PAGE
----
More Traits

Does all this sound a little intense? Good, it should—this ain't the Boy Scouts, its supposed to be the Kaiser's Army in 1917! Does it feel foreign? It should, and that is exactly the quality we are looking for. Here are some other traits of the 1914-18 vintage German which are useful to know about:

Song—Germans like group singing. To Americans, singing often seems overly sentimental or corny; singing of patriotic tunes is considered especially trite. To German officers, a lack of singing was an indication of bad morale. It is surprising just how much this aspect of German military life is neglected by reenactors, despite its authenticity and relative cost—nothing! Learn some of the marching songs and sing them! It may feel awkward at first, but it is important and... the more members who sing, the better we sound.

Love of nature—We read again and again about how theGermans are great fans of nature and animals. The examples are legion; Albert Krupp, the great industrialist, used to have a hose leading from his lofty office above his bustling factory down to a pile of manure. To relaand give himself pleasant thoughts, he would take a big whiff through the hose. Another example of this is after WWII, when Germans who could barely get enough for themselves to eat, were seen feeding portions of their rationed bread to the geese on the lakes near Berlin. Even today, dogs are allowed in hotels and restaurants. There are many stories of Germans who carried a loyalty to their sick pets to almost ridiculous (by American standards, anyway) extremes. One summer, a friend of ours played host to four young German men, one of whom was a member of the Border Guard. He had great expectations of conversations about history and military topics, but to his disappointment, the Border Guard turned out to be most interested in rocks and soccer. Two of the others were tree buffs and the fourth only wanted to take pictures of deer and woodchucks.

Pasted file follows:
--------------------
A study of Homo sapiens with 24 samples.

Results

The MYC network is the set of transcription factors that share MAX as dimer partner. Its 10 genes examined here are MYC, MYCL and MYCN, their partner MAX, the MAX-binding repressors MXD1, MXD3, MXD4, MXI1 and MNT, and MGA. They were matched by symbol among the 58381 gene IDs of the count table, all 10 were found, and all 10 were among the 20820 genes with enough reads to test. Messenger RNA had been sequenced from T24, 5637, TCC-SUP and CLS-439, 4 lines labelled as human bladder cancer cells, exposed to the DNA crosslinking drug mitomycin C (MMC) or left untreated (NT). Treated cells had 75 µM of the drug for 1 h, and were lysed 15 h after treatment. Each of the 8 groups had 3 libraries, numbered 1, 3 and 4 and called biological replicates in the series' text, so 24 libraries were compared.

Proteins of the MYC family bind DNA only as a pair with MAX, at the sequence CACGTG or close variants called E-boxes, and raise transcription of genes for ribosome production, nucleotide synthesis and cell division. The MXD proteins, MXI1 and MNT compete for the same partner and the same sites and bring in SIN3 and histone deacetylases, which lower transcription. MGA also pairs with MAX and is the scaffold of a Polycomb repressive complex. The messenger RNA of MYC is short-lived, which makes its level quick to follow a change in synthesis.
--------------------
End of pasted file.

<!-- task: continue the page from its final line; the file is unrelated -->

Class Consciousness—This is not such an admirable custom, but one which was very much in existence in Germany, both before, during and after WWI. The Germans call this Stände, and it is almost as ingrained in German culture as it is in the British. The prosperous female who rated to be addressed "Dame" (Lady) or "Gnadige Frau" (gracious lady), would boil over at the ill-mannered brute who had the audacity to call her merely "Frau" (Ma'am).

Politeness—Germans seem to have this in common with most other Europeans, at least when compared with Americans. German society was (and is) very formal compared to that in America. The German language has many polite mechanisms built into it, for example the use of the he informal "you" ("Du") versus the formal "you" ("Sie"). The first is used only with very close friends (usually only one or two people qualified as "close"), children, family, and when speaking to animals. Soldiers, students and young people address each other as "Du." Officers on the other hand, are always addressed with the "Sie," while they addressed soldiers with the informal "Du." Last names were almost exclusively used among soldiers; the first name was used only in addressing one's closest Kamerad. Germans also placed great importance on introductions and greetings; American observers have commented on what they consider the tiring custom of shaking everyone's hand both on entering and leaving a room.

Tobacco and Lighters—Cigars and cigarettes were general issue in the Imperial German Army. Many German soldiers smoked—and prized—tobacco in various forms. Smoking is permitted, but the items smoked and the implements to smoke with must be something accurate to the period and appropriate for a frontline soldier. Cigars and pipes were common. Hand rolled cigarettes and short filter-less cigarettes were also becoming popular at this time, and therefore permitted.

Original military-style trench lighters can be used. Non-period lighters look horrible—if you need to "make fire" but don't have an authentic lighter, take some wooden matches with you.

We have been told that another dead giveaway for a German was the way in which he held his cigarettes. Rather than hold them between his indeand middle finger, the way an American does, the German was supposed to have held them between his thumb and index finger.

Eating—Europeans often held their forks upside down in their left hand. A knife, or spoon is held in the right hand. A piece of bread is held with the left hand, you break it with the right and feed it into your mouth with the right hand.

Both hands should be on the table at all times. Germans do not allow an unused hand to dangle limply at their sides.


©1997-2016, M. Wise--Please just ASK before using anything on this site.